Lithium - The Driving Force of the 21st Century

Batteries are the social and industrial game changers of our time. I have followed the tracks of it’s core component, lithium, from mining to final products.
Electric cars, smart phones, solar panels, robotics – they are all driven by batteries, causing the market for lithium soar. But the world will soon be in short supply, which in turn can cause serious geo-strategic consequences. The photographic project follows the path from the mining of this raw material at Salar de Uyuni high up in the Bolivian Andes, Bolivia holding the largest confirmed lithium reserves in the world, through the lithium rush in the USA, all the way t o the manufacturing of the final products like electric cars and the lithium ion batteries around China. China is a leading global producer as well as a rapidly growing market for the lithium-battery driven products and e-mobility.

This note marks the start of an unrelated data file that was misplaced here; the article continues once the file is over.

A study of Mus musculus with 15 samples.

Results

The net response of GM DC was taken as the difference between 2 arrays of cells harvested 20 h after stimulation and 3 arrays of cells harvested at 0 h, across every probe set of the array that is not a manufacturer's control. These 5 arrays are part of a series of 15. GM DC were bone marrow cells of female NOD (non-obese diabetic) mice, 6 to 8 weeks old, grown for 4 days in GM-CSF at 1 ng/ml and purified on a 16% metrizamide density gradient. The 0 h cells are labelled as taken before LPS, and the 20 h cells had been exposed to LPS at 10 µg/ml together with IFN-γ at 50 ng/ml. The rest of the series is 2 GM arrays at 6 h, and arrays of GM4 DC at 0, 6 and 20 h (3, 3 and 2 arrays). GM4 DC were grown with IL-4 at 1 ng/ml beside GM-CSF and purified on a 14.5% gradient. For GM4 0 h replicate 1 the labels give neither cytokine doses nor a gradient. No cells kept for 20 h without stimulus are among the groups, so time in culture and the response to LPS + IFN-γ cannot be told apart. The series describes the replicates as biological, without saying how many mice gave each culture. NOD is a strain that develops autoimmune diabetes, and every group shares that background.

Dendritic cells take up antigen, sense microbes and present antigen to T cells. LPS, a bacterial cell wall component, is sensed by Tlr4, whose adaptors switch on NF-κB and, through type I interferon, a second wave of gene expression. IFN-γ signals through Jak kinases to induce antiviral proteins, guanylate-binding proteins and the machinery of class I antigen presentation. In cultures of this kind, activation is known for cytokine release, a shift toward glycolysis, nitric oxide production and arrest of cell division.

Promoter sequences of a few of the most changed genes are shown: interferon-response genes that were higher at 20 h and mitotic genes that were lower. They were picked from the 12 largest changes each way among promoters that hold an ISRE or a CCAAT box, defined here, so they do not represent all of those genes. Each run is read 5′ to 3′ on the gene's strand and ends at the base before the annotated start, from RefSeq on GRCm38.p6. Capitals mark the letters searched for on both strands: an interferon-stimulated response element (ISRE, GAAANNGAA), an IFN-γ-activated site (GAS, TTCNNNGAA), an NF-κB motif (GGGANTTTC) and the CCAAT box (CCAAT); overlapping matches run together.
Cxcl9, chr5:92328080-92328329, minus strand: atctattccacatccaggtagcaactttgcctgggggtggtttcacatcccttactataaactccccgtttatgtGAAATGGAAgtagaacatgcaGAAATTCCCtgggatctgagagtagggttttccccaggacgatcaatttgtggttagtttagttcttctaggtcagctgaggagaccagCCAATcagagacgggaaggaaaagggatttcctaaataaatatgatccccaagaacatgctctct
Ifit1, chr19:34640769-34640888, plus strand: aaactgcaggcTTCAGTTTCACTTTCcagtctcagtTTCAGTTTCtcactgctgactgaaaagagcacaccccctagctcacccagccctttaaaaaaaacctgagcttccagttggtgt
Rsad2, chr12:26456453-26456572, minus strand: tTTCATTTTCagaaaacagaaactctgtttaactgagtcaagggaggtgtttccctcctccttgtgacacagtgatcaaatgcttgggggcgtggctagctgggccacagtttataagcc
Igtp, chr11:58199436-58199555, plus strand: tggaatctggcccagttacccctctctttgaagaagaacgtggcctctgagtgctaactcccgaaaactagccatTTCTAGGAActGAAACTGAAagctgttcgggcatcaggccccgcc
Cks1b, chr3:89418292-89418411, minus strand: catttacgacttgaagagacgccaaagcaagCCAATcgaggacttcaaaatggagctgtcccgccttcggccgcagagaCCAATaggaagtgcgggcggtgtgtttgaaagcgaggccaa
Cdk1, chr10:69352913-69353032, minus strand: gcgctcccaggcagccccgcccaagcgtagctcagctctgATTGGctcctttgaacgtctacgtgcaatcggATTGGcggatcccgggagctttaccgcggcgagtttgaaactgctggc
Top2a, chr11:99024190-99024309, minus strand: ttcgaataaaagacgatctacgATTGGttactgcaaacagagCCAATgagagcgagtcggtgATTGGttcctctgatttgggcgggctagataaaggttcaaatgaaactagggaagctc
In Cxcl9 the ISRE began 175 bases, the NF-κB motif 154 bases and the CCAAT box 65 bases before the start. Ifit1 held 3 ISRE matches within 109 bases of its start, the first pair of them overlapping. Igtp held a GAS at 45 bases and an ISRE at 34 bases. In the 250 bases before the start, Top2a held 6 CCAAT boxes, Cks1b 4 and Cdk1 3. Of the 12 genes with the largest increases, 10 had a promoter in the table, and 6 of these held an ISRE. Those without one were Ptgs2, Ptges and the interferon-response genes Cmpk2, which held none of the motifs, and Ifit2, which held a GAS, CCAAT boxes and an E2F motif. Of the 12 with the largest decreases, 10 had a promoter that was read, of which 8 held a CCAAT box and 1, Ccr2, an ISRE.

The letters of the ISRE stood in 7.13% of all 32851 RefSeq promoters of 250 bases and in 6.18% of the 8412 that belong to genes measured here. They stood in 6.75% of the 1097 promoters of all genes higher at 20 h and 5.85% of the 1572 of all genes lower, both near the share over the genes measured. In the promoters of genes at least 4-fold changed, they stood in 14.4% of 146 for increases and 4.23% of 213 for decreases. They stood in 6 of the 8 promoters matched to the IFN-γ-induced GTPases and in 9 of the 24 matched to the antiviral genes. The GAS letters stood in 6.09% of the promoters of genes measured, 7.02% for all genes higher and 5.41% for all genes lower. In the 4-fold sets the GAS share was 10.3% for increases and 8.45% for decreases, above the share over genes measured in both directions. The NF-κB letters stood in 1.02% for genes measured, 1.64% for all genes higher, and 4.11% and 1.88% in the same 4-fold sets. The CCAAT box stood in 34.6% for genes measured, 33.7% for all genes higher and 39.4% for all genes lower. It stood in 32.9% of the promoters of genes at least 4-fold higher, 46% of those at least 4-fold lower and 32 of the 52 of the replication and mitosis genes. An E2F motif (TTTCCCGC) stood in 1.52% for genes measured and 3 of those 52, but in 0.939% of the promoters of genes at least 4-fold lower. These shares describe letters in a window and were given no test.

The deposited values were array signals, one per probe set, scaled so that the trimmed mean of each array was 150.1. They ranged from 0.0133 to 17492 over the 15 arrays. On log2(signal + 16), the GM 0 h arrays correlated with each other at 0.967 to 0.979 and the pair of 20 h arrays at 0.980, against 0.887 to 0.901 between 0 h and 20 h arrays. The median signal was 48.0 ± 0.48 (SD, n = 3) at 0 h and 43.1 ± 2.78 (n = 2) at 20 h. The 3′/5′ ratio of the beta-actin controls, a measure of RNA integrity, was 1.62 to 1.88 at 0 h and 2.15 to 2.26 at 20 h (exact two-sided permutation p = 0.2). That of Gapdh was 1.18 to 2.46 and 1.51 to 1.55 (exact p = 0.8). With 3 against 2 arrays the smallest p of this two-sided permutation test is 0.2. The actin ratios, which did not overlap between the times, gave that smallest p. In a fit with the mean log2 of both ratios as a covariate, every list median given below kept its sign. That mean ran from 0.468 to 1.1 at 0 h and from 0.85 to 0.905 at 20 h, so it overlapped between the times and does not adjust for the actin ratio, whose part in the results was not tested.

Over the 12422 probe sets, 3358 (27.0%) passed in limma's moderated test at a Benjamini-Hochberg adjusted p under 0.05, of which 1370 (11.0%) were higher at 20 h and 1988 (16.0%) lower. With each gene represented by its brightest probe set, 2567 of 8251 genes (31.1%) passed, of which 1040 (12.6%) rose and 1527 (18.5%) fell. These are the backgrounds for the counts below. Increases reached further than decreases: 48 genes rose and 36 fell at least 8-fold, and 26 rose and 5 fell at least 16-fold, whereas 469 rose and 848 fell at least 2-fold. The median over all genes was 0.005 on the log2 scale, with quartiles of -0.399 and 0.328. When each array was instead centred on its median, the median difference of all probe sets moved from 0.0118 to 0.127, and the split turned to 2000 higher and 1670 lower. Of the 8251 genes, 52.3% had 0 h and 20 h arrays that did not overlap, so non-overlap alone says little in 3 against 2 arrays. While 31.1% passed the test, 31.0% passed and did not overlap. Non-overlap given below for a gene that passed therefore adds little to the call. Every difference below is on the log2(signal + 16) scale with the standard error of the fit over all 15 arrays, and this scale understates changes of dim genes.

As the need for effective climate protection gets stronger, the development of cleaner energy is gaining momentum. At the same time, a key part of the solution, lithium, and the production of the material, is not without its own hazards and sins. Lithium pollution is an increasing problem wherever lithium is mined, and also there are threats to local communities that are totally taken control over by mining companies. Also, as the supply of lithium is not fast enough to accommodate the demand, signs of the bottleneck effect are already manifesting, with Chinese, Australian and American corporations buying lithium mines in various countries around the world to ensure the reserves for the future. The project is talking about the story of the future unraveling in front of our eyes, trying to raise awareness about how the transition from fossil to electric actually is happening, with all its wonderful possibilities but also how it’s affecting geo politics and how clean energy also comes with a price and some risks.